Wednesday, 20 January 2010

Every Good Boy Deserves to See This Show

Or, In Praise of: Tom Stoppard

Last week, as JC was away, I headed to the National Theatre to spend a tenner on just over an hour's world-class (TM VL) entertainment.

Every Good Boy Deserves Favour was amazing. It'll be one of those shows that I forget I've seen, and then remember again with a whoosh of emotion (like Three Days of Rain); one that I perhaps enjoy the more I think about it afterwards rather than while I'm in the theatre itself; one that'll certainly stay with me for a long time.

You can read my review of the show here on londonist

I was already a big fan of Tom Stoppard. (He wrote my favouritest film, Shakespeare in Love, afterall.) As usual, I know I'm not the one who's just noticed he's amazing. But all the same, I totally love this piece about him in The Telegraph, where he's described wonderfully, as "as brooding and handsome as ever."  He's called "cerebral and autodidactic but not, he protests, academic even though his plays are studied in universities." It's a fantastically well-written piece by Nigel Farndale.

Here are a few tasty quotes:
"Few contemporary playwrights have a style so distinctive that their surname enters the language as an adjective. There’s Pinteresque and Stoppardian and, well, that’s about it. Stoppardian seems to mean dealing with philosophical concepts in a witty, ironic and linguistically complex way, usually with multiple timelines and visual humour."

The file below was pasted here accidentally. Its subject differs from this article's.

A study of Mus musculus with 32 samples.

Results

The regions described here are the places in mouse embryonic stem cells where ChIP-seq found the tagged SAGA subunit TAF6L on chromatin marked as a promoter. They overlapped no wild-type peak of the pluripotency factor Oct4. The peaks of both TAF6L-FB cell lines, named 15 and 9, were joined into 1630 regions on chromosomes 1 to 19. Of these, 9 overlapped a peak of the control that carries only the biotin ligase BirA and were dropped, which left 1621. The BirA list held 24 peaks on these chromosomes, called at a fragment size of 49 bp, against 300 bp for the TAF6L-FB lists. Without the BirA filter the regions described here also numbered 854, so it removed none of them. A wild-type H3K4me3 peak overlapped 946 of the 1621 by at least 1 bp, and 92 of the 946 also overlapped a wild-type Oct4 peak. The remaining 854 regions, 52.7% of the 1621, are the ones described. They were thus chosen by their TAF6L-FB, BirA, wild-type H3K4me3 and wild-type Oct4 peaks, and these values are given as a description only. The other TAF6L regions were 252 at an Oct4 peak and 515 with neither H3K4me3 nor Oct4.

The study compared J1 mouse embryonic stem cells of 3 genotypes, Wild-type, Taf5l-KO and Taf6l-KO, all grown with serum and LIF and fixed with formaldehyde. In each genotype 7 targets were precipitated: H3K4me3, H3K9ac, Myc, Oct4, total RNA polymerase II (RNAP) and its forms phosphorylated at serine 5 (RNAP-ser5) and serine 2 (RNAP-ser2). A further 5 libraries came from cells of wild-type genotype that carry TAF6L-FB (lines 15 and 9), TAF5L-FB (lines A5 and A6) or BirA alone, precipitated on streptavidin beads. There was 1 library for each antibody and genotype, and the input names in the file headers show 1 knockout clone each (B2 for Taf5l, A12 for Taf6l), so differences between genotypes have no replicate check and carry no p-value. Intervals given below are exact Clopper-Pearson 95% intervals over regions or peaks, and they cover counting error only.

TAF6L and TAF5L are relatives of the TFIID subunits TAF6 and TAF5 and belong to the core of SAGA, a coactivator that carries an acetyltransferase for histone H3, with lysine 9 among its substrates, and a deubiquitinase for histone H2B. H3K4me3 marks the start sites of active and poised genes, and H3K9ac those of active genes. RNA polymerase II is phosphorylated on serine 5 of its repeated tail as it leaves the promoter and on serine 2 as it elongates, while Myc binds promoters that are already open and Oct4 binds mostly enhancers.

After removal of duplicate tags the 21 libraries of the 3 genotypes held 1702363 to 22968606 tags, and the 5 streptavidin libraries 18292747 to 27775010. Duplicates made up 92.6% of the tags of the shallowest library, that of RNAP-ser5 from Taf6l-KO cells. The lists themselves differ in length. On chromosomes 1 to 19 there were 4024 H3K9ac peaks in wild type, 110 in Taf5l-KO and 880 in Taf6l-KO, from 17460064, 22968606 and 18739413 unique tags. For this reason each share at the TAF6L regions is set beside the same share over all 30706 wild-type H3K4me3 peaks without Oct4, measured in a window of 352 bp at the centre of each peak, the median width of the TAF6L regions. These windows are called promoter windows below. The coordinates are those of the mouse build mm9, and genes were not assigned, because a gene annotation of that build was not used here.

Sir Tom's favourite plays?:
"I wouldn't deny you an answer, but I don't have favourites. I would say Rosencrantz and Guildenstern Are Dead, Arcadia and the one I am writing now, which I haven't started."
I like that quote. It reminds me of SiL:
Marlowe: I thought your play was for Burbage.
Joe Fiennes: This is a different one.
Marlowe: A different one you haven't written?
And, back to that Telegraph piece, this wonderful discussion about the nature of intelligent, intellectual entertainment: 
Sir Tom reckons you can "miss the laugh" in two polar ways. "You can miss it by giving the audience too much information, so they have no work to do, or you can miss it by not giving them enough.

"This applies to every line, so it is not a generality about how oblique, or opaque, or transparent the play ought to be. It is a moment-to-moment decision you are making when you are writing the play, rehearsing it and acting it. The perfect play is when the audience has to reach to pick it up."
What a perfectly delicious turn of phrase. It actually makes my mouth water. Yum.